Controversial pregnancy test drug shows deformities in zebrafish embryos within hours of exposure

February 13, 2018 by Euan Wemyss, University of Aberdeen
Controversial pregnancy test drug shows deformities in zebrafish embryos within hours of exposure
Zebrafish embryos were seen to be affected within hours by the components of the drug Primodos. Credit: University of Aberdeen

The components of a controversial drug, allegedly linked to birth defects in the 1960s and '70s, caused deformations to fish embryos just hours after they received a dose in new studies by researchers at the University of Aberdeen.

Primodos was a hormone pregnancy test used by thousands of women in the UK between 1958 and 1978.

Research at the time suggested the could be linked to a higher risk of women giving birth to babies with abnormalities – a claim denied by Primodos' manufacturer.

Although Primodos is no longer in use, its components (Norethisterone acetate and Ethinyl estradiol) are used in other medications today including treatments for endometriosis and contraceptives.

In November last year a UK Government expert working group (EWG) study found no 'causal association' between the drug and the abnormalities, stating that outdated methods used by scientists in the 1970s was partly responsible for a failure to find a connection.

Now a new study at the University of Aberdeen, published today in the Scientific Reports journal, has revealed more about the effects of Primodos' components on the of zebrafish 

The paper outlines how after the components of Primodos  were added to water around zebrafish embryos, their movement slowed down rapidly; developed changes to the heart within four hours; and within 24 hours displayed damage to tissues such as the fins, eyes and spinal cords.

More surprisingly, according to the researchers, the study showed that the drug accumulates in the zebrafish embryo over time. They suggest that if this also occurs in a mammalian species that even a seemingly low dose of the drug for the mother could result in much for the embryo.

This latest study was led by Dr Neil Vargesson from the University of Aberdeen, who has also published extensive research into thalidomide – a drug used in Germany in the 1950s to treat morning sickness but which caused thousands of babies worldwide to be born with malformed limbs.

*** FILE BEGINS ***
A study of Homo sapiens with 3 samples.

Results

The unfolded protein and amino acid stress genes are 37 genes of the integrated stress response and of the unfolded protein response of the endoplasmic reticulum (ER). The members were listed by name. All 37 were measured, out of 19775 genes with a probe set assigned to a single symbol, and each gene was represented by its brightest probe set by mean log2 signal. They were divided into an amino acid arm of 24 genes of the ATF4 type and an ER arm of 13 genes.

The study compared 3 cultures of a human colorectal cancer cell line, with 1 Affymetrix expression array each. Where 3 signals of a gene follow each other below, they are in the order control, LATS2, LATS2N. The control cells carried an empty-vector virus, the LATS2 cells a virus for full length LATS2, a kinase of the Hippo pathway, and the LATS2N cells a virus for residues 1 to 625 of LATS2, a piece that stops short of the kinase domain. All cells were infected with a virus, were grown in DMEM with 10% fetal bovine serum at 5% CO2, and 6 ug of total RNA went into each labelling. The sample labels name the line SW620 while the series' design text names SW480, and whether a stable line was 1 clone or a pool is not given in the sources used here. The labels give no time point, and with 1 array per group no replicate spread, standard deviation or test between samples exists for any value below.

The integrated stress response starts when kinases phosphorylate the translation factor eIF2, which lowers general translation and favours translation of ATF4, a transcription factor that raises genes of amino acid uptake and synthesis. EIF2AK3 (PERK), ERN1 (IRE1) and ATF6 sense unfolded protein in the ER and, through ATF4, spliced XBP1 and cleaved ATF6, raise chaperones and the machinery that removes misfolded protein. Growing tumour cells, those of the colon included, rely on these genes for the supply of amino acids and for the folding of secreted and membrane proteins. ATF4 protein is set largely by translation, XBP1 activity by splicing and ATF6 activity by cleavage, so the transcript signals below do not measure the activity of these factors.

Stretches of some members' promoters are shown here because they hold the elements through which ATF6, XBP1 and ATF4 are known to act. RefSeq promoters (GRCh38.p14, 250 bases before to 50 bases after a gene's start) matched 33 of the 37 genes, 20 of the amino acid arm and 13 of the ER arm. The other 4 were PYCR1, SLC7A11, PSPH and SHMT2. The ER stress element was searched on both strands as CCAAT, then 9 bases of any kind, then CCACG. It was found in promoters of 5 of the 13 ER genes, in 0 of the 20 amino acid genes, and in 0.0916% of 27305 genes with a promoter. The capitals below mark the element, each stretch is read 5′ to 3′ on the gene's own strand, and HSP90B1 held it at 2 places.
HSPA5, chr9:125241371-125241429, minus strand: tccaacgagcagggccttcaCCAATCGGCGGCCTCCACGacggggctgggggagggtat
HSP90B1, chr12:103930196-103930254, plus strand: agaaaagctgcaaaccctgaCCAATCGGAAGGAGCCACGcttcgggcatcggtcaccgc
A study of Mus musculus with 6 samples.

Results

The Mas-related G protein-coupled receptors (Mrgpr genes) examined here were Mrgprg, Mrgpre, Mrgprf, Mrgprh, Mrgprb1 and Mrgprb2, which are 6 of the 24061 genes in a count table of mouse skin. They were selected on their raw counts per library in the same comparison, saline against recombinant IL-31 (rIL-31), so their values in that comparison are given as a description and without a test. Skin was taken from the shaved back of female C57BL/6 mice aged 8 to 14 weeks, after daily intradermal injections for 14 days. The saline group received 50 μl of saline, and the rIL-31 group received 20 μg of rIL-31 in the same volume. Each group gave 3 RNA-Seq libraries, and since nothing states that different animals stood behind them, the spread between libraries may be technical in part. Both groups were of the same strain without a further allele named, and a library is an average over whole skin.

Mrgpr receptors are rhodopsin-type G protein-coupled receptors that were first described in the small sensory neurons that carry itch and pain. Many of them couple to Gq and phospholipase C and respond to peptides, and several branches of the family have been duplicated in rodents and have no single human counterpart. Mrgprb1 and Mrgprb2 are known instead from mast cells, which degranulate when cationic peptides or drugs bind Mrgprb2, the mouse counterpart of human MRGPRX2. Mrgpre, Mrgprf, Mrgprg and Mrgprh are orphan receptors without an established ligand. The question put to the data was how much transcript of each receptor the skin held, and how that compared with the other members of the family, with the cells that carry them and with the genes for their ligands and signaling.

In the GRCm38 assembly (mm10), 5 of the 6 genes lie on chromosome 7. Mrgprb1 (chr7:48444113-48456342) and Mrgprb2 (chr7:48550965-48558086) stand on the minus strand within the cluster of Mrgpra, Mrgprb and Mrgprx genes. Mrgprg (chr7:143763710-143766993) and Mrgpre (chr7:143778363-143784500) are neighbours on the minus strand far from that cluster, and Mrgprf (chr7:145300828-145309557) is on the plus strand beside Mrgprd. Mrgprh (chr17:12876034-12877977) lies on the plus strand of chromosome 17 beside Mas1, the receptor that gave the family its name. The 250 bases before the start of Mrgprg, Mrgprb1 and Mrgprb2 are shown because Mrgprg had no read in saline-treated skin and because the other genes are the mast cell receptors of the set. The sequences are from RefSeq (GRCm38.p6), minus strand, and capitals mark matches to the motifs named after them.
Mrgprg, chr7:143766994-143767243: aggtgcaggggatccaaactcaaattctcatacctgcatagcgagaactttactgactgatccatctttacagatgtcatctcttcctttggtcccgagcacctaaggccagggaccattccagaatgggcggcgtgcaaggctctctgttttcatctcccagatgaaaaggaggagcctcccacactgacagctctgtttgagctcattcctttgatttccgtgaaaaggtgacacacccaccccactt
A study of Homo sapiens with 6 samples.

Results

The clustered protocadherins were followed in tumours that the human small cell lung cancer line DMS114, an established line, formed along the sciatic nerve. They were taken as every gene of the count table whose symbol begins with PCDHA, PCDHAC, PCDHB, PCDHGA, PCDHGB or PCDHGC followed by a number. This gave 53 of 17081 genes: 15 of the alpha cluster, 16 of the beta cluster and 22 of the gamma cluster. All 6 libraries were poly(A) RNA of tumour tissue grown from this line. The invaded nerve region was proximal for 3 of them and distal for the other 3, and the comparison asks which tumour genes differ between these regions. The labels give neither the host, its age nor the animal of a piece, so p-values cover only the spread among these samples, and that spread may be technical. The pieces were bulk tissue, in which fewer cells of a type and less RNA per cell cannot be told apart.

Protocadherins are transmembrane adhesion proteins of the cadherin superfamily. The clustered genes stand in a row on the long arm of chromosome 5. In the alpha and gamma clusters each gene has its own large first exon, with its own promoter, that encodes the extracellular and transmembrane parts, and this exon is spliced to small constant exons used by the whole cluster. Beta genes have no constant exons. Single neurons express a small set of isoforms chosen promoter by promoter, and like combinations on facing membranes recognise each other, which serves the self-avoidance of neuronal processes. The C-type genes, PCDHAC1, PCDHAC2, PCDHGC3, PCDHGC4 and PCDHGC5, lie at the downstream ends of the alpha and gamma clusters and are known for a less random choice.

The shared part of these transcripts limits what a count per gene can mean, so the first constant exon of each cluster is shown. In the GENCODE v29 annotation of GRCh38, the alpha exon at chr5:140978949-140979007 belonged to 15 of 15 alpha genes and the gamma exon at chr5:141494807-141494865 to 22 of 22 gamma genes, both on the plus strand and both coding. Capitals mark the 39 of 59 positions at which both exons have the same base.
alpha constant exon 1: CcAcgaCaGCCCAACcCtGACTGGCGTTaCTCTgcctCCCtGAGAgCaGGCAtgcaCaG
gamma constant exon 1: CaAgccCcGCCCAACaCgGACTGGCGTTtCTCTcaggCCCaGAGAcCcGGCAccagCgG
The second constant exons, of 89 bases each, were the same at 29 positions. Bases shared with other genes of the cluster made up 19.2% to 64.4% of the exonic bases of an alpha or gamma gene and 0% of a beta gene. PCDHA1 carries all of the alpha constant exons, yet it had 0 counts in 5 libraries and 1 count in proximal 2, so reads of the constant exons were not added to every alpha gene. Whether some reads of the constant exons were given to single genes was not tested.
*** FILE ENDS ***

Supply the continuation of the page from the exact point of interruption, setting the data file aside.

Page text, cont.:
He hopes this new study will prompt new funds to research further into the effects of Primodos' components on mammals.

"At the moment the scientific research into whether or not Primodos caused these is inconclusive," Dr Vargesson explains.

"What this study highlights is that there is a lot still to be learned about Primodos and more widely its components effects on mammals.

"Our experiments with the zebrafish embryos shows quite clearly the effects the Primodos components have. This does not mean it would do the same in humans of course, we are a long way from saying that but we need to carry out more research into these components because they are still in drugs today and in some cases in much higher doses than those found in Primodos.

"The assumption by some previously has been that the doses given to mothers was too low to cause any damage but our study shows that the levels of Primodos' components accumulate in the embryos over time because they don't have a fully functional liver that can break down the drug. This too is new information and if the same thing happens in mammals, these drugs could build up in the embryo to much higher levels than shown in the mother's blood."

not rated yet Feb 13, 2018
A "test" that is a DRUG?
A "diagnostic test" that is a DRUG that the patient takes?
That is scientifically flawed as a concept.
No DRUG can be purely diagnostic, all drugs must have side-effects of some kind. Therefore any diagnostic information from taking a drug and running the risks of side-effects had better be much more diagnostically and medically valuable than the appropriate non-drug diagnostic tests. Clearly that's not ever an acceptable risk in the case of any "diagnostic" drug which could harm a growing fetus.

The Primodos episode casts doubt on the scientific competence of the whole medical profession in the UK, the General Medical Council and elsewhere that Primodos was licensed for sale and prescription.

Doctors we assume to be "educated", "qualified", "wise" and "well-regulated" but this Primodos scandal has exposed the lot of them as modern day witch-doctors.
PeterDow
not rated yet Feb 13, 2018
The Queen should be held responsible for Primodos, Thalidomide and every other drug scandal in this country and she and her family sent into exile from the British Isles.
The replacement republic (or republics) must institute a review of all professional standards to ensure that FREEDOM of EXPRESSION is defended so that the good doctors can call out their own profession when standards are slipping.

The Primodos scandal is a crime against humanity.

PS. Thank you to the Aberdeen scientific research team who are getting to the bottom of this scandal at last.